Representational Image
(Representational Image) Solo- the cheetah cub- was born without any sibling.Creative Commons

When the cheetah, Solo, was born without any sibling, zookeepers Aline Ijsselmuiden and Kyle Macdonald had a hard time raising him. They stayed awake at nights to feed the cub as it was difficult for his mother to produce milk for one offspring.

However, they soon realized that it is not possible for humans to give the affection the growing cub needed to properly develop his social skills. So, there came a border collie-cross-Belgian Malinois puppy named Zama to be Solo's best friend.

"Having a best friend slash puppy will help his development, so it'll allow him to play and run around as they would normal as he can't do that with us," Ijsselmuiden said, as reported by

National Zoo & Aquarium, Australia had selected the unique breed of dog keeping in mind that it has to match up to the energy of the world's fastest animal.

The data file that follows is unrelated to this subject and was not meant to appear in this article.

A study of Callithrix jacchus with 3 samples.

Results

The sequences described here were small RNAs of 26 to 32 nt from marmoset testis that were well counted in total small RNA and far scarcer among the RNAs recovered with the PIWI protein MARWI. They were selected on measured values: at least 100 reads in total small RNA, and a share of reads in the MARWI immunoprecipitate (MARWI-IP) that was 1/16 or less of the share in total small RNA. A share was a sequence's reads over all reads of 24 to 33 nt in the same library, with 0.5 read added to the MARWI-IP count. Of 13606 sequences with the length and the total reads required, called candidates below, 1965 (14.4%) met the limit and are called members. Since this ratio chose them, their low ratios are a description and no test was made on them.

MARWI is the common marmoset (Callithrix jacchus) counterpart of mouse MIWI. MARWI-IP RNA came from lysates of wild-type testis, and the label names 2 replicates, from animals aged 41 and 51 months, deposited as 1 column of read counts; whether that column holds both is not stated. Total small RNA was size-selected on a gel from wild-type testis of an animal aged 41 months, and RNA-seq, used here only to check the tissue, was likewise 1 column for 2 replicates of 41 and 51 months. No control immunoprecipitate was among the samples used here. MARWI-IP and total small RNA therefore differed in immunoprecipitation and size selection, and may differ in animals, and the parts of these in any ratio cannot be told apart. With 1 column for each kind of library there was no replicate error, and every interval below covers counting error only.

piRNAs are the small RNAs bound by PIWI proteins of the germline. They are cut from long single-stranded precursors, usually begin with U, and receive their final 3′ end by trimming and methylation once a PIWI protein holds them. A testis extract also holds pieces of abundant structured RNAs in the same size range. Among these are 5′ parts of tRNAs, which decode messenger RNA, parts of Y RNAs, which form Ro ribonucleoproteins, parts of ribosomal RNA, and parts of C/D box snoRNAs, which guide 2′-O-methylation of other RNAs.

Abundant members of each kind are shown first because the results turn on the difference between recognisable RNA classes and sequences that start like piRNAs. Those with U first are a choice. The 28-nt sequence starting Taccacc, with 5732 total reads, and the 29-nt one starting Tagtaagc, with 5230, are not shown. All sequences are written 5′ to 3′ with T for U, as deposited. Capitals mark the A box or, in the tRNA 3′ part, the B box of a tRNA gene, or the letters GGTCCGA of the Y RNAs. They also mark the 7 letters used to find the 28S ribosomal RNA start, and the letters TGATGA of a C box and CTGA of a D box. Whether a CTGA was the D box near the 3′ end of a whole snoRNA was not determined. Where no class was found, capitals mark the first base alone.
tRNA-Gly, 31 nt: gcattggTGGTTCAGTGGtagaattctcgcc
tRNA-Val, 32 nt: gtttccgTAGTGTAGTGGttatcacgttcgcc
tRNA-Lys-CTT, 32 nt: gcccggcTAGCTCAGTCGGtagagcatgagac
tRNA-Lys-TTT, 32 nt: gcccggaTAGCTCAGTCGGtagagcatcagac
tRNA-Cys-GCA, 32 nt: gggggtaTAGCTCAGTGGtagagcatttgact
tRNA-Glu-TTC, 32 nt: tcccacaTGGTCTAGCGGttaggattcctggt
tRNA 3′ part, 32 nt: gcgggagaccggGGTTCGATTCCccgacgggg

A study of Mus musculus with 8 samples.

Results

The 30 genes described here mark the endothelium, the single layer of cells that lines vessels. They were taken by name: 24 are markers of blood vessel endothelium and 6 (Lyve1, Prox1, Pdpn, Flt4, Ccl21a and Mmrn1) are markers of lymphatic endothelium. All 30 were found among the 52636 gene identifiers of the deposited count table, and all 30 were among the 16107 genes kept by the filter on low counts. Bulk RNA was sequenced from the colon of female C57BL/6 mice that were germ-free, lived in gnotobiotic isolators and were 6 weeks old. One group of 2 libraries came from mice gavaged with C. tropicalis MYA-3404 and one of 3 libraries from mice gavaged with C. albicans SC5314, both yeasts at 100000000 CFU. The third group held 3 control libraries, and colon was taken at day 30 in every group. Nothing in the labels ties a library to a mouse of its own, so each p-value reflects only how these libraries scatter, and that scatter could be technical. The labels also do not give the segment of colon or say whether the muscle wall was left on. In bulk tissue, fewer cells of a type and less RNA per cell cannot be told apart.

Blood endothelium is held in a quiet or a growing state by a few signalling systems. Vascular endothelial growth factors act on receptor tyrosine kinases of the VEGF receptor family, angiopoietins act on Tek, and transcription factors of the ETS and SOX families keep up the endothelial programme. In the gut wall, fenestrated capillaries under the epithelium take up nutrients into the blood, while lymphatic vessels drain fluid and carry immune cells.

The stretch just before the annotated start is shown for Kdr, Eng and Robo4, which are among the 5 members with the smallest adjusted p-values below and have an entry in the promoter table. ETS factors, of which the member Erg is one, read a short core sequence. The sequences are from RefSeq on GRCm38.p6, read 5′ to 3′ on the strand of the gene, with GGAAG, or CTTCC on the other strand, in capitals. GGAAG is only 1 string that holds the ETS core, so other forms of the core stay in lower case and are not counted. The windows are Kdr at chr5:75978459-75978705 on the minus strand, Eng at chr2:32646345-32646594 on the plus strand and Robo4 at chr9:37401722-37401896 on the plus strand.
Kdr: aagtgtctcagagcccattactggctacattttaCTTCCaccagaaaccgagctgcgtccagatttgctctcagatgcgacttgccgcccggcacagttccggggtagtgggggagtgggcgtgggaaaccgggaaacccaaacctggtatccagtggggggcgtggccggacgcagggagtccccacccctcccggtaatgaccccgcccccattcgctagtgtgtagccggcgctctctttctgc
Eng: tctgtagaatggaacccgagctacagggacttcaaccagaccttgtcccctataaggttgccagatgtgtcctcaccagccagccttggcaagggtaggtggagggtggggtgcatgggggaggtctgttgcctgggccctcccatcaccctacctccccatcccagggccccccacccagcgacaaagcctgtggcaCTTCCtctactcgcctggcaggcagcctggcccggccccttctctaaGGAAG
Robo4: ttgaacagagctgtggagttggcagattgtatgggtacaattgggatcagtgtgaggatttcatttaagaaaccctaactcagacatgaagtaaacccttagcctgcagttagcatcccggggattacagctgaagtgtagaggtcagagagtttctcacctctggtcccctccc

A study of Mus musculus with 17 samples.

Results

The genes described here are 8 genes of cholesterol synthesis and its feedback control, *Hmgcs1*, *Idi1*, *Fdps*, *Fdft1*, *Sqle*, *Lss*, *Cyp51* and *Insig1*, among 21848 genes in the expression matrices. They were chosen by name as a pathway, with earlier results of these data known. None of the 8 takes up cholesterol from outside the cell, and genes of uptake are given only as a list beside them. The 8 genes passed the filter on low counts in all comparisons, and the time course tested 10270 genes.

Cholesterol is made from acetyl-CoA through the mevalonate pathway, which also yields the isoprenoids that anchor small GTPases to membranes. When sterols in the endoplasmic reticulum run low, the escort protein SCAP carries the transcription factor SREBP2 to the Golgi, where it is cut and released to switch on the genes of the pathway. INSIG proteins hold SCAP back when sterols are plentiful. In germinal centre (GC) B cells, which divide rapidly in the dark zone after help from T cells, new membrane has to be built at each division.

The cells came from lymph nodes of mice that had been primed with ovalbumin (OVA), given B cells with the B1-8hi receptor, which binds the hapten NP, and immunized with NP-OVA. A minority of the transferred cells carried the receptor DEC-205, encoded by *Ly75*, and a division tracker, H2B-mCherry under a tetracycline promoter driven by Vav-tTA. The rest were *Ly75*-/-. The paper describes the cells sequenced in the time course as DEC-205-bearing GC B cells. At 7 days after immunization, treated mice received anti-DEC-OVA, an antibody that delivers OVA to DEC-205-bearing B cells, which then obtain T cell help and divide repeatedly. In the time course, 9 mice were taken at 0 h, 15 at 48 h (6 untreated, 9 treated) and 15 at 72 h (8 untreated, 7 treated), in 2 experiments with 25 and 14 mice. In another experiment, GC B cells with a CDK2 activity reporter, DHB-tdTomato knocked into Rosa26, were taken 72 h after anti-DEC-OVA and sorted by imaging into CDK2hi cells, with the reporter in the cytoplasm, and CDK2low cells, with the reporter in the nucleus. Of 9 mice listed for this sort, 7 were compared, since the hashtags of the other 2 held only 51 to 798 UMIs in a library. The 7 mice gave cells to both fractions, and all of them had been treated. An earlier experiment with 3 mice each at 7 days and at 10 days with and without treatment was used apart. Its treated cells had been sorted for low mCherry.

Solo, who is now four-month-old, has been, has been unveiled at the Canberra zoo Wednesday. Solo will also make his public debut as one of the zoo's ambassador animals in just two days, reported

He now spends his time playing with Zama. "Solo has learned from Zama and loves her — if she's not around he will call for her," said Ijsselmuiden, the report added.

The zoo has huge plans for Solo. The cheetah cub, when he grows up, will help protect his own species which is now critically endangered. He will take part in the region's breeding program once he is an adult.

The pair will also be a part of the zoo's Meet-a-Cheetah program, from which fund will go toward conservation efforts. According to,

As part of the programme, visitors can book a hands-on encounter with them. Maximum two people will be allowed to spend some time (around 15 minutes) with Solo and Zama, reported.

But what will happen if their friendship falls apart? Ijsselmuiden said, according to ABC News, if the animals grow out of their friendship, Zarma will go to a regular human home as a pet dog.